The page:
The Madingley Ecosystem Model

28 April 2014

Interview with

Mike Harfoot, United Nations Environment Programme-World Conservation Monitoring Centre

This week, scientists from Cambridge have unveiled a way to model on a computer, earthhow Earth's different ecosystems, the networks of plants and animals that depend upon each other, actually work.

This will enable researchers to understand better how human activities are likely to influence the world around us, and how to better conserve what we have.

Mike Harfoot is one of the creators of the system and he's based at the United Nations Environment Programme-World Conservation Monitoring Centre in Cambridge and also, Microsoft Research in Cambridge

Chris - First of all, one question, one word - why?

Mike - Yeah, so I think you can separate that into two components really, you hit the nail on the head in your introduction. So until now, or essentially, at the present, we have a very limited ability to be able to predict the future of the living Earth, and therefore, to understand the consequences of the human actions in the present and how they might affect the biological world in the future. Another component to that is there is more of an academic one, but really, it's interesting to know, is it at all possible. Can we predict the biological world and what parts of it can and can't we predict?

Chris - How have you gone about doing this?

Mike - We've taken a relatively novel approach in that we're trying to model every different type of organism on Earth and model them at the level of the individual. So, how that individual feeds, reproduces, why it dies, and how it moves around the environment. So, we have lots and lots of different types of these organisms that essentially we throw into the model, and we allow them to run around interacting, eating each other and running away from each other. And then we're interested in - when you do all that, the properties of those collections of organisms, how do they compare to the real world really.

Chris - Essentially, you have a field with grass, you put cows in the field with grass, you then put humans in and they farm the cows. They eat the cows, the cows having eaten the grass. There are bugs living in the cows. And so, you build up this sort of layers and layers of things living on and in, and around each other and depending on each other.

Mike - That's right. I guess my caveat to that would be that we don't have any humans in there at the minute, which is relatively important in the present day. So, we're really modelling I guess a pristine world without human influence. But you're right. We have plants and then we have small organisms that might eating the plants and then large organism might be eating those.

Chris - Do we know enough about all of those relationships in order to build an accurate model?

Mike - I think that's the interesting thing, that actually, the field of ecology knows quite a lot about different parts of it. So, we know an awful lot about how fast organisms of different sizes burn energy essentially to survive. We know quite a lot about how different organisms move around their environment in order to find prey - be that plant or animal species - and how fast they can eat those organisms. 

So, we know quite a lot I think of fundamental facts about ecology. What we've been trying to do is encode all that into our model. There's another question which is, having put all that together, how do we know if what we predict looks like the real world. And that, we've found a bit more challenging. So, in our paper that was published this week. We pulled together essentially as much data as we could find on properties of the organisms and the collections of organisms that we predict in the model; be that at the level of individuals. So, how fast those individuals are growing in the model, how fast they're dying or reproducing. But then equally, when we look at those collections of organisms in a particular place, how many of those organisms are very small and how many are very large. So, we have a certain amount of information from the real world on that kind of stuff and broadly, the model recreates those patterns.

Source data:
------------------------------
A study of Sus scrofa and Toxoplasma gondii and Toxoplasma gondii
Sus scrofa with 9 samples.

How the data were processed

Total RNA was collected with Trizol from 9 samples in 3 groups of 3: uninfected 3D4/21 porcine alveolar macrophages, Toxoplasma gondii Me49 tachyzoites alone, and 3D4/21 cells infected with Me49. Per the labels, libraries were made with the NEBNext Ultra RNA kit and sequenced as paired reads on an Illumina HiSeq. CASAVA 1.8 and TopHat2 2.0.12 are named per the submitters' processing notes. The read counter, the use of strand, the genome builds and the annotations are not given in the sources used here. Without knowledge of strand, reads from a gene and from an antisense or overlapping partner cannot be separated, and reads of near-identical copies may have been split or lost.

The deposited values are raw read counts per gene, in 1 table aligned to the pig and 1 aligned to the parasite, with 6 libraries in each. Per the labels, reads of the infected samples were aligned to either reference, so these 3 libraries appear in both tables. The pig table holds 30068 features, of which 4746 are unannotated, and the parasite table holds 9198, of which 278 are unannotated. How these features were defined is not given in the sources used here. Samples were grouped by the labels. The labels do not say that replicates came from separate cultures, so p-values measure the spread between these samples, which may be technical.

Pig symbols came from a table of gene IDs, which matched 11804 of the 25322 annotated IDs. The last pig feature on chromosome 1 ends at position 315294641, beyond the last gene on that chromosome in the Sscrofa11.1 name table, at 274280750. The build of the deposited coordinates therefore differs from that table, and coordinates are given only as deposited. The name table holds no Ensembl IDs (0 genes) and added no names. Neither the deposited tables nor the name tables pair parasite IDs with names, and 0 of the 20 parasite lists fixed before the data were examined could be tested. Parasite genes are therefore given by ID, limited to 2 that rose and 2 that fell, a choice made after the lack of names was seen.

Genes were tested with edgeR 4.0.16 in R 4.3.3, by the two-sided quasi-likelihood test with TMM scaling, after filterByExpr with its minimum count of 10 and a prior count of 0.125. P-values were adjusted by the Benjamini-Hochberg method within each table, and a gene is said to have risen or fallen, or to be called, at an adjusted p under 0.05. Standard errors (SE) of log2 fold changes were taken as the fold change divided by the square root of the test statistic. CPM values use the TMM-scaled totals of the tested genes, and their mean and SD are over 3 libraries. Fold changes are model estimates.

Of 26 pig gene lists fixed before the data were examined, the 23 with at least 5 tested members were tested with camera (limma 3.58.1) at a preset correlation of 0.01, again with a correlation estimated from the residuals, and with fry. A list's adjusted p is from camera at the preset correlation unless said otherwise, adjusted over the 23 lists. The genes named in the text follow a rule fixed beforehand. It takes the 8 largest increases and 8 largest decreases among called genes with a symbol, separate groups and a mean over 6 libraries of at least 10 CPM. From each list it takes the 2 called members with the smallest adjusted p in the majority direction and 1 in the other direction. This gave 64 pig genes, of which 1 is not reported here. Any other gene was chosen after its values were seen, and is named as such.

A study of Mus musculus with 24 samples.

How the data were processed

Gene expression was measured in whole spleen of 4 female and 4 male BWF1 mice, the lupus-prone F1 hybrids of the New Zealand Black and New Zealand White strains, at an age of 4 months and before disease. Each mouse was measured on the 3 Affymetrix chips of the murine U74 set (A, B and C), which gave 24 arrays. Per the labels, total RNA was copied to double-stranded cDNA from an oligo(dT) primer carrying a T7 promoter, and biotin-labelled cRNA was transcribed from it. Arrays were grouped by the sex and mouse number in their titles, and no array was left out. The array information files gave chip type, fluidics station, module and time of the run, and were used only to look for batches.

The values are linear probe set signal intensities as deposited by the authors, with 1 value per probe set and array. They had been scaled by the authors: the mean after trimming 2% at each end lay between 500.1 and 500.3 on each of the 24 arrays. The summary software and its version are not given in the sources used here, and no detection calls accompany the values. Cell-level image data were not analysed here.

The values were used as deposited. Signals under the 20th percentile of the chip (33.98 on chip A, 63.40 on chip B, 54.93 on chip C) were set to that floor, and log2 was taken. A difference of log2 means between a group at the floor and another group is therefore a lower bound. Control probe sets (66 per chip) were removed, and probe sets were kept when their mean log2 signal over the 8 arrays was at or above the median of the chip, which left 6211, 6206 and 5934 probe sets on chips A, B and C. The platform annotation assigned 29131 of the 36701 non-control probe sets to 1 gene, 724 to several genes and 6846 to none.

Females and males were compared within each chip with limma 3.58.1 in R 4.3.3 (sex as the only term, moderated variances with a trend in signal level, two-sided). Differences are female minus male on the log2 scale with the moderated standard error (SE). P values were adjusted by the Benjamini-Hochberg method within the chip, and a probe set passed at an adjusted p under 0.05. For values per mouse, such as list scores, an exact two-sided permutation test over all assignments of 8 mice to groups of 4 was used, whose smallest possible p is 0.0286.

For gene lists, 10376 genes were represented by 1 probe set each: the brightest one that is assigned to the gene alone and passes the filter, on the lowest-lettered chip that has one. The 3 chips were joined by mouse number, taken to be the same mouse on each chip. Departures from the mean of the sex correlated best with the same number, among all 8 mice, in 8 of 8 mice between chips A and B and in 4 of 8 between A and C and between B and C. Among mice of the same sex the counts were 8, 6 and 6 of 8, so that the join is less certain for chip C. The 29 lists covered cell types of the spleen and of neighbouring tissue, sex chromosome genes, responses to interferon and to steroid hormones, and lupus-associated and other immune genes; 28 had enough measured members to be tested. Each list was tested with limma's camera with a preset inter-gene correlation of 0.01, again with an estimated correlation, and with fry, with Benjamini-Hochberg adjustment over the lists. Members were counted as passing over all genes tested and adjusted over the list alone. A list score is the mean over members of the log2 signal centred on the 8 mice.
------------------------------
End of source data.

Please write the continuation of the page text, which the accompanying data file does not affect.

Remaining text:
Chris - So, this is validating the model. It's saying, "Let's take real world data.  Let's give the same problem to our model and see if it arrives at a solution resembling the real world. If it does, we must be doing something right."

Mike - Indeed, yes. I guess what we've done today is relatively crude in terms of the form of methods of evaluation and that partly reflects the amount of data that we can get, and also, the stage of the model. But yes, broadly speaking, we evaluated the model and it looks like it's a feasible way forward which is quite exciting.

Chris - The fact you haven't put the humans in, is that going to be the next step then so that you can then begin to ask things like, "I want to build a housing estate here. What influence is that going to have on the local ecosystem?"

Mike -  Indeed, yes. So, I think there's a sort of many fold sets of research that derive from I guess where we are now with a proof of concept that the framework might work. One of which as you've eluded to is much more rigorously evaluating what it can and can't do. Another one is definitely including humans or the impact of humans and evaluating, so, what might the future hold, given that we've got a model now to predict it. And that might be at a small scale as you say, sort of a housing estate level. It might be a large scale, so, what happens if fisheries lead to a collapse of fish production in the world? What does that mean for how much food we need to grow on land and where we might do that without collapsing terrestrial ecosystems at the same time?